Managing your company’s grey fleet can add grey to your hair and cost to your organisation. Compared to company fleet operations, grey fleet offers unique challenges. Fleet managers dealing with grey fleet must consider complex issues such as duty of care, health and safety, corporate social responsibility and financial efficiency.

Understanding the dynamics of grey fleets and creating a programme with clear guidelines can help you take control of the risks and costs of your operation.

What is a Grey Fleet?

Grey fleet refers to any privately-owned vehicle used by your team to complete business activities. Beyond an employee’s own vehicle, however, a grey fleet includes vehicles purchased or leased with employer-provided cash allowances and vehicles rented privately by employees.

With grey fleets, you reimburse your employees for business mileage, typically using a cent or euro per kilometre calculation that accounts for fuel and maintenance costs. This plan contrasts with a company vehicle programme where you provide employees with a car, and they pay benefit in kind (BIK) fees. Since company cars aren’t usually available to everyone, ineligible employees may be required to drive their own vehicles on occasion for business-related travel. The size of your grey fleet may fluctuate depending on your business travel needs.

Potential Pitfalls of Grey Fleets

Fleet managers have in-depth knowledge of the health and safety responsibilities for their team as well the potential liabilities they face in the event of a road accident involving on their vehicles. Grey fleets require the same legal duty of care. The Safety Health and Welfare at Work Act defines a vehicle driven for company purposes as a place of work. Based on this definition, it is the company’s responsibility to ensure reasonable health and safety of both work-supplied and grey fleet vehicles.

While this may seem to be a straightforward policy, monitoring grey fleet vehicles and drivers makes it more difficult to implement. Fleet managers must assess the following characteristics of their grey fleet:

  • Vehicle Roadworthiness. A recent report showed that approximately 60 percent of grey fleet drivers don’t do regular checks of oil levels, brake lights or tyre pressure and that one-third have never lifted the bonnet of their grey fleet vehicle. Without driver accountability, fleet managers must take on the burden of necessary CVRT and NCT tests or other maintenance checks.
  • Driver Qualifications. Fleet managers are responsible for checking grey fleet drivers’ licence validity and confirming insurance coverage meets company policy. Verifying grey fleet drivers are ‘fit to drive’ can be a challenging process, since these qualifications are usually self-diagnosed and self-reported.
  • Environmental Impact. The age of grey fleet vehicles means many fail to meet the new Euro 6 emission standards. According to data from the BVLRA, the average grey fleet vehicle puts out 152g/km CO2, about 35% more than a newer car. The additional pollution from grey fleets slows government efforts to reduce CO2 emissions and may be harmful to a company’s socially responsible image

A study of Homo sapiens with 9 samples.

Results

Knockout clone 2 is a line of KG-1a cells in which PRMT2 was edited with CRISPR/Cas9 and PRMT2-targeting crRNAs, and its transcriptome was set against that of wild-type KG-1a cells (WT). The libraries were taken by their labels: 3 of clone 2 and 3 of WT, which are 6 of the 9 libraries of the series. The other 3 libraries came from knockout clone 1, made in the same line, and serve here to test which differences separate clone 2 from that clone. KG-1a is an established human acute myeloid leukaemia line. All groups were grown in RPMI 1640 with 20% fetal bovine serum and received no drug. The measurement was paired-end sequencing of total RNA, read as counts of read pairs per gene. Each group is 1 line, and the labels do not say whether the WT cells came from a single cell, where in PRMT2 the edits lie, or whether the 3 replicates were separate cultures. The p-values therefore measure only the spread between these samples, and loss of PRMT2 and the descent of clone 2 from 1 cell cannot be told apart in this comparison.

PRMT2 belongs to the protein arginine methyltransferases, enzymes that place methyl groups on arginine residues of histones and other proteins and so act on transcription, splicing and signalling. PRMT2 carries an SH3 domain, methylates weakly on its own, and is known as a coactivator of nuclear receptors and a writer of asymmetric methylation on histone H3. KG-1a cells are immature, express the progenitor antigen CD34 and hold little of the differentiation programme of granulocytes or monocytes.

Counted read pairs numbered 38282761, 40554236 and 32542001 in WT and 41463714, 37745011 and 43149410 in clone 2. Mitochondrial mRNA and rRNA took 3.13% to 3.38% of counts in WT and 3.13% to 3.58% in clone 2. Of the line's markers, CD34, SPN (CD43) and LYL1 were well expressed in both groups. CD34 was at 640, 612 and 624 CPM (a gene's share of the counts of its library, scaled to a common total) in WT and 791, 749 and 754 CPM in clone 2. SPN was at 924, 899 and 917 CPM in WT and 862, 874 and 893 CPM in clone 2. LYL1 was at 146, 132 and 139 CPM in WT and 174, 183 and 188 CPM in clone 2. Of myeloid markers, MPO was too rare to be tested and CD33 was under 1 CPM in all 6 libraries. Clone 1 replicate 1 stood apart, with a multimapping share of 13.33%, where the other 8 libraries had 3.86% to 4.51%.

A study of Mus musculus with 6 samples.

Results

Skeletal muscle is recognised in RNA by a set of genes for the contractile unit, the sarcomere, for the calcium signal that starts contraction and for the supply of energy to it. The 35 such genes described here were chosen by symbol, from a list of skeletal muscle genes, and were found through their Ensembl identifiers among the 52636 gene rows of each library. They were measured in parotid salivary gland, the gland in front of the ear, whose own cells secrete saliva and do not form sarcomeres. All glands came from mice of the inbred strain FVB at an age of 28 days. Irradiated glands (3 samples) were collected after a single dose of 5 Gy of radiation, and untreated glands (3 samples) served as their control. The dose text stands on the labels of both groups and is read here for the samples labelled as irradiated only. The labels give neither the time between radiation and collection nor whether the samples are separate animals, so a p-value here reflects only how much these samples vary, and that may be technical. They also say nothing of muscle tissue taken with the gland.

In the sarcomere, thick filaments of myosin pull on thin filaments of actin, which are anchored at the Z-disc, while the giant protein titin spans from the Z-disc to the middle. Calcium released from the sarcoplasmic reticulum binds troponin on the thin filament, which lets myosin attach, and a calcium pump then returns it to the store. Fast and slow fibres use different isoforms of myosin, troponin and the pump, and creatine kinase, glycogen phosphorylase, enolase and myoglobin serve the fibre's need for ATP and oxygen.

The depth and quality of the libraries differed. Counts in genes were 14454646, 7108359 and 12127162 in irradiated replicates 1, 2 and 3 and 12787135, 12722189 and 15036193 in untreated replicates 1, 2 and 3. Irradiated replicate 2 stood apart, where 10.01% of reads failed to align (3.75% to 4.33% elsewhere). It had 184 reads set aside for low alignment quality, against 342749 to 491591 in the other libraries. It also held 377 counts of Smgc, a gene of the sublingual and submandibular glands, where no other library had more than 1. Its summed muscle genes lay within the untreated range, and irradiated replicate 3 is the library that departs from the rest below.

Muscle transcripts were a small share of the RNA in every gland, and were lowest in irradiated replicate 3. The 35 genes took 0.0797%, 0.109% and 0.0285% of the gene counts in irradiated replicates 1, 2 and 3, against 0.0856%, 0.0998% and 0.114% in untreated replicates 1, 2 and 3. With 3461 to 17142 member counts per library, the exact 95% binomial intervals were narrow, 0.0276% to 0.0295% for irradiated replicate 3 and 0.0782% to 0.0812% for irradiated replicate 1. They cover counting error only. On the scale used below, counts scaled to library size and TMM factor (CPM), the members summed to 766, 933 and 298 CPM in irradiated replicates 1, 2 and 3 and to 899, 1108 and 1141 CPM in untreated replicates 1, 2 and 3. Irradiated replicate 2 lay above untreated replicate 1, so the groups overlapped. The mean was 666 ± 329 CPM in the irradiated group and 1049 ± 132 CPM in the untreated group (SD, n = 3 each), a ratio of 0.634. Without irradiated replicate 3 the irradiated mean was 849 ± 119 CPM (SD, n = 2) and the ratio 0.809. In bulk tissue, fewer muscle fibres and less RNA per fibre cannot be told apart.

Reducing the Risks

Grey fleets are unlikely to be eliminated in the immediate future. However there are steps companies can take to minimise the risk associated with grey fleet vehicles. One step would be developing a policy that outlines processes and expectations to improve metrics and reduce the time it takes to manage your grey fleet. Elements of a grey fleet policy could include:

  • Putting grey fleet vehicles into your fleet database. On a monthly or quarterly basis, grey fleet drivers could be required to report relevant data to help with monitoring such as vehicle condition, licence status/penalty points, insurance status and monthly mileage. Having an online record of your grey fleet also allows you to send reminders about licence renewals, maintenance checks, CVRT & NCT tests, and policy changes.
  • Training drivers, especially those who are higher risk. Scheduling training for your road warriors (those with high mileage), young drivers, or those with a history of accidents helps you meet your duty of care responsibilities. Education could cover topics like what is safe and legal driving, how to recognise and address signs of driver fatigue, how to insure your vehicle for business use and how to do basic vehicle maintenance.
  • Posting clear guidelines about vehicle use for business. Direction about how your grey fleet programme works can include areas such as how to report mileage accurately, when a personal vehicle can be used for business (e.g., trips less than 70 km), which type(s) of vehicles can be used (i.e., age, fuel type), consequences for not following guidelines (e.g., reduced reimbursement) and how to use travel planning to find alternatives to personal vehicle use (e.g., conference calls instead of travel or using other forms of transport)

Benefits of Leasing with Mahony Fleet

For companies with grey fleet drivers that fall into the high mileage category, Mahony Fleet can offer them several benefits that will save them time and money. Some benefits include:

  • Competitive rates for a wide range of vehicles through increased buying power
  • Fixed costs for the duration of the vehicle lease
  • Tax savings for low emission, hybrid plug-in, or electric vehicles
  • No residual value risk on the vehicle at the end of the lease agreement

If you want greater control of your company’s grey fleet, the Mahony Fleet team are ready to help. You’ll spend less time and money managing your grey fleet, and your employees will be safer while driving new, reliable vehicles.

Contact us today to start planning your company’s transition out of grey fleet and into a flexible, risk-free leasing programme.